The zero-install femtocell – AKA FaceTime

July 4, 2010 at 10:51 am 5 comments

I had a fascinating chat at Techcelerate with our local VC Ed French of Enterprise Ventures about Apple’s new FaceTime. (product? service? application – which is it????). Ed’s question was around the economics (he’s a VC, thats what you expect) of transitioning from a billable (nominally 10p/min) poor-quality voice call to a free higher quality video call.

If you look at it from a consumer’s point of view, this is a huge win. Imagine sitting in your lonely hotel room on a business trip, you call your family on your iphone. You check that now is a good time, then switch to video and loose all the costs (except perhaps the hotel’s wifi charge, but your company has paid that). This is pretty much how skype works now, except that there you require a latptop with skype installed instead. The flaw in the skype experience is the far end availability, your family may not be sitting in front of the laptop leading to a ‘not there’ problem (hence Skype’s interest in Skype for TV).

It is clearly in Apple’s interest too, since it generates a network effect around iPhone 4, owners will apply peer pressure on family and close friends and encourage them to buy iPhones so that they can get more FaceTime.

So where does this leave the carrier ? On the face of it Apple are doing them out of minutes for no return. Surprisingly the carriers are probably going to be pretty relaxed about it.

The loss of income argument only applies to Pay-as-you-go subscribers. Most iPhones are on monthly contracts, and very few people on contracts exceed their monthly minutes. So there is no incremental loss to the carrier of a shorter call, they get the monthly fee eitherway. Indeed, FaceTime unburdens the call from the carrier’s network onto the public internet (thanks to  the hotel wifi and the family’s ISP).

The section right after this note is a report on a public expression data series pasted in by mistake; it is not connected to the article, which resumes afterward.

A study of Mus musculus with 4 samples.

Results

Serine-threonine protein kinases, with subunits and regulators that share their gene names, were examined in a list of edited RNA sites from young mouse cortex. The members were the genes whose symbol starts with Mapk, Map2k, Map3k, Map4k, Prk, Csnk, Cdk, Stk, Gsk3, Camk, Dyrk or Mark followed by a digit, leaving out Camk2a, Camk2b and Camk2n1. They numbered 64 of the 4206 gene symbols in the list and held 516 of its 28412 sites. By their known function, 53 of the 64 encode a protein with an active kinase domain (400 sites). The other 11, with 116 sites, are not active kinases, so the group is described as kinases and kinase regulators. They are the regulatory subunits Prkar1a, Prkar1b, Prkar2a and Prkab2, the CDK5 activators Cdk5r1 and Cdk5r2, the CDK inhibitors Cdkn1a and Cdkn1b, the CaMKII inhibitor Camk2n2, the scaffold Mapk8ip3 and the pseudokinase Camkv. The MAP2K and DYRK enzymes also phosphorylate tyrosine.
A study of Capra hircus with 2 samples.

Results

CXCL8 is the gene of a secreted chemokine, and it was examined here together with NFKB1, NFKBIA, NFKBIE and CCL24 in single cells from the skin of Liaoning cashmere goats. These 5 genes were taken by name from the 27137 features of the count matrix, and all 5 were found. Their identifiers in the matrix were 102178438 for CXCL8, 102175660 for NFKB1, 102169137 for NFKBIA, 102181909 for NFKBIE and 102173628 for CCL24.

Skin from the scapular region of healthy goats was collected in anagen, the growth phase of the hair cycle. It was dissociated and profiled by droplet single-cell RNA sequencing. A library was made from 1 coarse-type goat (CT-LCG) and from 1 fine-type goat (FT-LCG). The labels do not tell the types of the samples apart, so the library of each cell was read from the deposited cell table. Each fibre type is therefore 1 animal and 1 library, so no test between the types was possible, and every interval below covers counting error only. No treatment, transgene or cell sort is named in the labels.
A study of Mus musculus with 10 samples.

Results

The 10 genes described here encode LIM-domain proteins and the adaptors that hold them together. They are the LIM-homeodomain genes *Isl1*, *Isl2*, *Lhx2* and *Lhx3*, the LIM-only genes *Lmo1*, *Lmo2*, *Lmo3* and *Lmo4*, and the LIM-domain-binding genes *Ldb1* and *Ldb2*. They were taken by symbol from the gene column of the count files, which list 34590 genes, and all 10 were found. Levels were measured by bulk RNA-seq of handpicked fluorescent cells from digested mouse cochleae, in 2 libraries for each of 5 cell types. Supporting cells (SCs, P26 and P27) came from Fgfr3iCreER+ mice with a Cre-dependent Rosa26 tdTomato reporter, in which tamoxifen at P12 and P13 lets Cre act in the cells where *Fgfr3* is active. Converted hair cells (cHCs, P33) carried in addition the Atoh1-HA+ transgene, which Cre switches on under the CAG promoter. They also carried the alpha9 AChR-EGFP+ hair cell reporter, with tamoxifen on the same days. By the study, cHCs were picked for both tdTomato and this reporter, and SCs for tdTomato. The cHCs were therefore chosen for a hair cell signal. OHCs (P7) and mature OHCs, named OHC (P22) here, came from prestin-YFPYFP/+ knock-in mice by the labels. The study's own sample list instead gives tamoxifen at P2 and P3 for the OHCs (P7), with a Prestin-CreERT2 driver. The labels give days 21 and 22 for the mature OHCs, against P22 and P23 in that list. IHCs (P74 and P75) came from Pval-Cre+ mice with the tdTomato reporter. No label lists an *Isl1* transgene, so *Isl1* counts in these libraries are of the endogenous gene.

In effect, FaceTime acts as a portable, zero-install femtocell, offloading call traffic for free, without any carrier buildout or support costs or any customer setup and hassle. See Dean Bubley and Andy Abramson ‘s discussion on the merits of femtocells vs WiFi.

Ah, but what about those high-value roaming minutes the carrier is losing from foreign trips? Again the carrier has reason to be cheerful, the initial connection is made over GSM, so they get a connection fee (30p minimum?) and a minute or two of call at roaming rates. Consider the alternative, the smart business traveler these days uses Skype or Truphone or Fring, all of which earn the carrier nothing at all and draw them away from the carriers by using a new identifier – either a skype id or a new virtual number.

Which brings me to the remaining reason that carriers will quite like FaceTime, the id it uses is your current mobile number, not your apple-id – keeping you loyal to the numerical side of the great namespace divide.

All in all not a bad deal for a hard pressed carrier like ATT or O2, at least in the short-term.


Entry filed under: VoIP. Tags: , , , .


  • 1. Ed French  |  July 5, 2010 at 2:24 pm

    Good analysis Tim however I still wonder if the carriers would’ve been so relaxed if it hadn’t been Apple? I notice the way that video content owners who always insisted on DRM as essential to protect their assets immediately sacrifice this in order to get their content onto the Apple Ipad.

    • 2. babyis60  |  July 6, 2010 at 9:36 pm

      Yep, Apple do seem to be able to charm the birds out of the trees.

  • 3. Darren Storer  |  July 6, 2010 at 12:20 am

    An interesting, thought provoking read Tim.

    A similar effect took place with Blackberry Messenger being favoured by the teen market as a direct replacement for SMS but at very low (if any) cost to the user. The final endorsement was the rash of Blackberry PINs displayed on Facebook profiles.

    How does the iPhone 4 hold up on battery life, when running FaceTime + the WiFi sub-system ?

    • 4. babyis60  |  July 6, 2010 at 9:38 pm

      I haven’t got (or even seen) an iPhone 4 yet. The iPad’s battery life playing video is impressive due to the custom silicon, so FaceTime might not be too bad.

  • 5. John Todd  |  September 28, 2010 at 4:21 am

    I strongly suspect that the first-minute GSM requirement is going to go away shortly. It makes no technology sense insisting upon it in all cases, and it removes many devices from the pool of potential endponts. That first minute is a marginal biscuit to throw to the carriers, anyway.